Sales of existing homes slipped in July even as median prices sustained their record-high levels. The National Association of Realtors® (NAR) said the month’s sales of single-family homes, townhomes, condominiums, and cooperative apartments were at a seasonally adjusted annual rate of 4.07 million units, down 2.2 percent compared to June and 16.6 percent lower than in in the same month in 2022.

Single-family home sales slid to a seasonally adjusted annual rate of 3.65 million, a 1.9 percent month-over-month decline and down 16.3 percent from the previous year. Condo and co-op sales slipped 4.5 percent to 420,000 annual units: 19.2 percent fewer than a year earlier.

The median existing-home price for all housing types in July was $406,700, a 1.9 percent annual increase. NAR said It was the fourth time the monthly median sales price had exceeded $400,000 since it started keeping records. Previous such prices were logged in June 2023 ($410,000), and in both May and June of last year at $408,600 and $413,800, respectively. The median existing single-family home price was $412,300 in July, up 1.6 percent year-over-year, while condo prices rose 4.5 percent to a median of $357,600.

There were 1.11 million housing units available for sale at the end of July, an estimated 3.3-month supply at the current sales pace. This is an increase of 3.7 percent from the end of June when there was a 3.1-month supply but 14.6 percent below total inventory in July 2022.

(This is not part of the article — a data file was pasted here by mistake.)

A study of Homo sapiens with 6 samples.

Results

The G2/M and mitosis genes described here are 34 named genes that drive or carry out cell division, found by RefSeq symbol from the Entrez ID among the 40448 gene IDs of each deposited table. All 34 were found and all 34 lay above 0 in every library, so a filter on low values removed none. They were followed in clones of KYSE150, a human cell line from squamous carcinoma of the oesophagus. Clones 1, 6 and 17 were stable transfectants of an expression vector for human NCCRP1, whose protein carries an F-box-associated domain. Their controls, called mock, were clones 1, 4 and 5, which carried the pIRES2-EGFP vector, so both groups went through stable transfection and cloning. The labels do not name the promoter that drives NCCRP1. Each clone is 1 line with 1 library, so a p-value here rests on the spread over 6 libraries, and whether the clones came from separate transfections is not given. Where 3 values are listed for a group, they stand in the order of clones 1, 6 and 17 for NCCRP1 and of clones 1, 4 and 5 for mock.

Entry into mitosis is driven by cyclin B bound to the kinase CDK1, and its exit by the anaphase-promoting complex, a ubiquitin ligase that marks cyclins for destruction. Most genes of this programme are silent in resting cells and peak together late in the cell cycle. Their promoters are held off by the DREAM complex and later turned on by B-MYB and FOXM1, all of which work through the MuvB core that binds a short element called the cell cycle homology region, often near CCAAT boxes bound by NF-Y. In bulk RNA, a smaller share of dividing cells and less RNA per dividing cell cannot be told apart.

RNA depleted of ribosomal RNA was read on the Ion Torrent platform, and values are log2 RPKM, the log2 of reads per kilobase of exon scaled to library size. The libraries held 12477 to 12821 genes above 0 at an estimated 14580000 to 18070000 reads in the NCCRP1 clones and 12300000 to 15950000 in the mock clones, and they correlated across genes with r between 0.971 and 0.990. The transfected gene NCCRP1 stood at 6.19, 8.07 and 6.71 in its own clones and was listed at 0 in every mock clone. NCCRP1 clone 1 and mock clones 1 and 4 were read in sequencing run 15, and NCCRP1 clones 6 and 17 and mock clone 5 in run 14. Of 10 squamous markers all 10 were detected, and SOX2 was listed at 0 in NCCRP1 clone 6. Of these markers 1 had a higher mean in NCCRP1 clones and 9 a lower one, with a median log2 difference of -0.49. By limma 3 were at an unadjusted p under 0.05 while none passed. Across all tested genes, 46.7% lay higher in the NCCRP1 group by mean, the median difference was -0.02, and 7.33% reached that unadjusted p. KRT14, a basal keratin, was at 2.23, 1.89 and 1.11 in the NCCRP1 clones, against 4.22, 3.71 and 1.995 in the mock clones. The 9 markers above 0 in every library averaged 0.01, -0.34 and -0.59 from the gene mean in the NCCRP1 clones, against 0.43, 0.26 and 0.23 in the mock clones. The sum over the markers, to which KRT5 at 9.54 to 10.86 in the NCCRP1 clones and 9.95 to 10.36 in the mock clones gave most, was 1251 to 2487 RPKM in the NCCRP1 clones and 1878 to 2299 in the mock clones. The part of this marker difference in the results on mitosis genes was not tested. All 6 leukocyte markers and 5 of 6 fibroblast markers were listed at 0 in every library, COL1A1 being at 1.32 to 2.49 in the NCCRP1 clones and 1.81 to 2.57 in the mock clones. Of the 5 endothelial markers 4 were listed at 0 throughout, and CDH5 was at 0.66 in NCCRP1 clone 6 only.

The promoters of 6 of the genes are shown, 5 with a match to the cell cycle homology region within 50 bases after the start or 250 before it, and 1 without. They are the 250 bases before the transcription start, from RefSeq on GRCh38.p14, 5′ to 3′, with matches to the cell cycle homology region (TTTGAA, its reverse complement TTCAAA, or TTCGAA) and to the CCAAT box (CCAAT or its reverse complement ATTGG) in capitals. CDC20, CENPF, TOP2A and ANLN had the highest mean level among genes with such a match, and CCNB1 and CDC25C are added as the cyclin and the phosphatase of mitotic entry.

NAR Chief Economist Lawrence Yun said, “Two factors are driving current sales activity – inventory availability and mortgage rates. Unfortunately, both have been unfavorable to buyers.”

“Most homeowners continue to enjoy large wealth gains from recent years with little concern about home price declines,” Yun said. “However, many renters are concerned as they’re facing growing affordability challenges because of high interest rates.”

Properties typically remained on the market for 20 days in July, up from 18 days in June and 14 days in July 2022. Seventy-four percent of homes sold in July were on the market for less than a month.

Thirty percent of homes sold during the month were purchased by first-time buyers, up from 27 percent in June and 29 percent a year earlier. Individual investors or second-home buyers accounted for 16 percent of sales and 26 percent of all transactions were all cash.  Only 1 percent of sales were considered distressed, i.e., foreclosures or short sales.

Existing-home sales in the Northeast fell 5.9 percent from June and 23.8 percent on an annual basis to an annual rate of 480,000 units.  The median price rose 5.5 percent on an annual basis to $467,500. The Midwest saw sales slip 3.0 percent to an annual rate of 960,000, a 20.0 percent deficit compared to the previous year. The median price in the Midwest was $304,600, up 3.9 percent compared to the prior July.

Sales in the South decreased by 2.6 percent and 14.3 percent from the two earlier periods to an annual rate of 1.86 million. Prices increased 1.7 percent to a median of $366,200. In the West, sales rose 2.7 percent to an annual rate of 770,000, down 12.5 percent from a year earlier. The median price was flat at $610,500.